Some interesting developments in the American League Central the last 24 hours.
The biggest move was a serious head-scratcher.
The White Sox have extended the contract for left-handed starting pitcher John Danks, who was strongly believed to be on the trading block as GM Kenny Williams tries to rebuild the franchise.
Guess we were mistaken, because he’s not moveable now. Danks just found a whopper of a contract underneath his Christmas tree. Retail value: $65 million, through 2016.
Nobody’s really sure what the rush was for the White Sox. Danks wasn’t eligible for free agency until after next season. Williams easily could’ve waited until next summer, perhaps to make sure Danks stays healthy and bounces back from a tough season, but also to see if there’s a trade offer out there that’s too good to pass up.
You lock up the Jered Weavers and the Justin Verlanders long term as soon as you can.
John Danks? He’s no Justin Verlander or Jered Weaver. Danks was 8-12 with a 4.33 ERA this season. Not saying he’s bad. This was a down year. But even at his best, he’s never received a single Cy Young vote.
Yet, interestingly, the White Sox have given him more than they were willing to commit to the ace of their staff for the last decade — another left-hander, Mark Buehrle. Buehrle, of course, gave the White Sox a chance to match the Marlins’ $58 million offer. They responded, apparently, by not even offering a buck.
The thought was the White Sox were tapped out — after breaking the bank last offseason on burly slugger Adam Dunn, who hit more like Adam Everett as the White Sox flopped in 2011 — and were looking to trade some of their more valuable pieces, like Danks.
They already dealt away their closer, Sergio Santos, to the Blue Jays for a pitching prospect.
But Danks, 26, stays. The same probably can’t be said for fellow starter Gavin Floyd, left-handed reliever Matt Thornton, or slugging outfielder Carlos Quentin. Then again, with Williams, who the heck knows.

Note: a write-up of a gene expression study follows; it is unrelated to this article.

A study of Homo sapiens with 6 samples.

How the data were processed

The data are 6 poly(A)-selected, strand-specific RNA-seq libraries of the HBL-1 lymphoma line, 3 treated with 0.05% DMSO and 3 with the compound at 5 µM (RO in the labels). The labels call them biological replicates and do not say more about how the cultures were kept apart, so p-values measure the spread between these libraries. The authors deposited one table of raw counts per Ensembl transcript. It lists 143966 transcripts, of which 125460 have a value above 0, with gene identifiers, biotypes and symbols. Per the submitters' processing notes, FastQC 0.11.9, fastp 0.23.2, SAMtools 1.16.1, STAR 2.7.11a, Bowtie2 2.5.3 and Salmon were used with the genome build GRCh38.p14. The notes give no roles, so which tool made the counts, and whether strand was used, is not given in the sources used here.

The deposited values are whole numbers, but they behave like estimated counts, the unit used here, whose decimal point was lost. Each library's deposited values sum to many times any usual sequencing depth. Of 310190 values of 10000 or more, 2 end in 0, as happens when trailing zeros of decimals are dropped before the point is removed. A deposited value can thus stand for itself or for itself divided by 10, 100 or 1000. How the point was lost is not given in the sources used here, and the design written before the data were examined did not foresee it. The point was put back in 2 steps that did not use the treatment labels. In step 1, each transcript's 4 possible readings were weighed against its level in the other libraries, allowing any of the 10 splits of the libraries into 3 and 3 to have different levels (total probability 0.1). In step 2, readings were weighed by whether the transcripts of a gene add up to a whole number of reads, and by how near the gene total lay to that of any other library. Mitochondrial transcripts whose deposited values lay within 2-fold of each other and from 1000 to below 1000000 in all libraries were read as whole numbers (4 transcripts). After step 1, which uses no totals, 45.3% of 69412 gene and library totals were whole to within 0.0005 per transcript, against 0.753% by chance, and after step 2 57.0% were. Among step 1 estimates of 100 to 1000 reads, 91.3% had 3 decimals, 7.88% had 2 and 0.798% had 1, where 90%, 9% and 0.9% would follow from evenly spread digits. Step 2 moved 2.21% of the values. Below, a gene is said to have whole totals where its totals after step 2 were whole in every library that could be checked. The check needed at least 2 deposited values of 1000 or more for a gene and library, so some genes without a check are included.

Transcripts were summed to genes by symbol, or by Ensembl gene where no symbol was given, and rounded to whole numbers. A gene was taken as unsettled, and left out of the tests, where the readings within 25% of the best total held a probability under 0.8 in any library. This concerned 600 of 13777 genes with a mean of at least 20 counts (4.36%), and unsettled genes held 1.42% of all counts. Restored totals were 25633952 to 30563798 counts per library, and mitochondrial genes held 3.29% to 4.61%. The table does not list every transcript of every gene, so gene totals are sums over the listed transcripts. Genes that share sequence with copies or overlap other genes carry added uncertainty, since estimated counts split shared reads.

Taking a quick look around the rest of the AL Central:
* The Twins just signed veteran starting pitcher Jason Marquis to a one-year, $3 million contract. He brings his 4.55 career ERA to Minneapolis. That might be good enough to make him the ace of that staff. So far this offseason, the Twins kept Matt Capps over Joe Nathan, signed Josh Willingham over Michael Cuddyer, lost Jason Kubel and signed Jamey Carroll. Terry Ryan, back as the general manager, isn’t restoring much confidence in the Twins Cities.
* The Tigers haven’t made much news this offseason, a rarity under GM Dave Dombrowski. They added veteran reliever Octavio Dotel, to help bridge the gap between starters and the dynamic back-end duo of Joaquin Benoit and Jose Valverde. Now, with word that Al Alburquerque is out till July because of elbow surgery, the Tigers might look to add some more relief help. And there is no shortage on the free-agent market. Clearly, though, their top target is Cuban center fielder Yoenis Cespedes. Expect the bidding wars to start for him after the first of the year.
* The Royals already have had a busy offseason, upgrading their rotation and bullpen. And their everyday lineup is pretty much set. So don’t expect much more news from them through Opening Day. The Indians, however, might be a different story. They’ve done little so far (yes, trading for Derek Lowe qualifies as little), but are eager to add a signifcant bat to the lineup. It won’t be Prince Fielder. They don’t have that kind of cash. But there are rumblings they are in on the Carlos Beltran sweepstakes. His biggest paydays are behind him, and he might only demand a three-year deal. Hence the Indians’ interest.